Kate Middleton joined her husband Prince William and other high-profile figures including the Duke of Edinburgh, Prince of Wales and Prime Minister Theresa May for the Queen's unveiling of a national memorial for Armed Forces and civilians of the Afghanistan and Iraq conflicts today (9 March).
The 35-year-old Duchess of Cambridge – who is known for her love of recycling pieces from her wardrobe – was hard to miss in a Michael Kors blue-grey twill coat she has worn twice before.
Middleton looked elegant in the wintry one piece as she styled it with a statement navy wide-brimmed hat, gloves and a pair of navy stilettos for the memorial unveiling by Her Majesty the Queen in Victoria Embankment Gardens.
The sculpture aims to honour the service and duty of both the UK Armed Forces and civilians in the Gulf region, Iraq and Afghanistan, along with those who supported them back home from 1990-2015.
Despite Tony Blair's attendance at the major event causing a stir among bereaved families – with the former Labour prime minister being invited over many families who suffered losses during the conflicts – Middleton appeared in high spirits as she spoke to British Chancellor of the Exchequer, Philip Hammond.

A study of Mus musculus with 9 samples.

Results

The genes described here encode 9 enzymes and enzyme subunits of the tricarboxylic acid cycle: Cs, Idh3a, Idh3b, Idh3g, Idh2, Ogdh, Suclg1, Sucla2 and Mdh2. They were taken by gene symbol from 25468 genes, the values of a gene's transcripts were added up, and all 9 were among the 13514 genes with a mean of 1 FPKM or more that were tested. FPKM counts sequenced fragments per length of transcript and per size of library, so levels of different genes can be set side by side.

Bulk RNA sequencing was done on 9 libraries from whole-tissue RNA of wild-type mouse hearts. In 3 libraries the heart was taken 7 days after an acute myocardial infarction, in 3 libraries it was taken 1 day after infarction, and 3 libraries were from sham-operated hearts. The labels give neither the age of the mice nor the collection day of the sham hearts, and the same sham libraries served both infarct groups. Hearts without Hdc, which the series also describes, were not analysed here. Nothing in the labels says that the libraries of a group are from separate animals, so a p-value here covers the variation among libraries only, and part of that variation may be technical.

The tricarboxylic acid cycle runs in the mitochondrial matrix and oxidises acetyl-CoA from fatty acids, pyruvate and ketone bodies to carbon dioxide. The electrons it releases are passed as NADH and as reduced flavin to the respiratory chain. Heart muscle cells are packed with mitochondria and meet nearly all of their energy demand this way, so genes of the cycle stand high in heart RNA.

The mother-of-two sat in between Prince William and Hammond as the trio chatted and laughed among themselves at the morning ceremony.
At one point, the duchess and Hammond were stood alone and shared a joke, just one day after the chancellor announced the 2017 Budget, which involved big changes to national insurance and social care.
As Hammond took to the despatch box in the Commons, he said that there was "no room for complacency" despite improved economic forecasts.
He promised to give the UK a "strong and stable platform" for its Brexit negotiations and unveiled forecasts for higher growth and lower borrowing, but said the UK's deficit was still high, and productivity "stubbornly low".
Among the 2,500 invited guests at the memorial unveiling today are also representatives of veterans, serving military, bereaved families, charity workers, civil servants and politicians who will attend a military Drumhead Service on Horse Guards Parade in Whitehall.
The event has been tainted by a row over the failure to include the families of the 682 service personnel who lost their lives in the Afghanistan and Iraq conflicts and Blair's presence, however. One father of a murdered Red Cap, Reg Keys, said: "I would not have thought Tony Blair would have been a welcome face at such a service given we were misled over the Iraq war. I'm sure his ego will not allow him to stay away from it," The Mail reports.
Sculptor Paul Day's memorial was unveiled in nearby Victoria Embankment Gardens in the shadow of the Ministry of Defence building. The artist also designed the nearby Battle of Britain Monument as well as The Meeting Place – a large bronze statue of a couple embracing at St Pancras railway station in Kings Cross, London.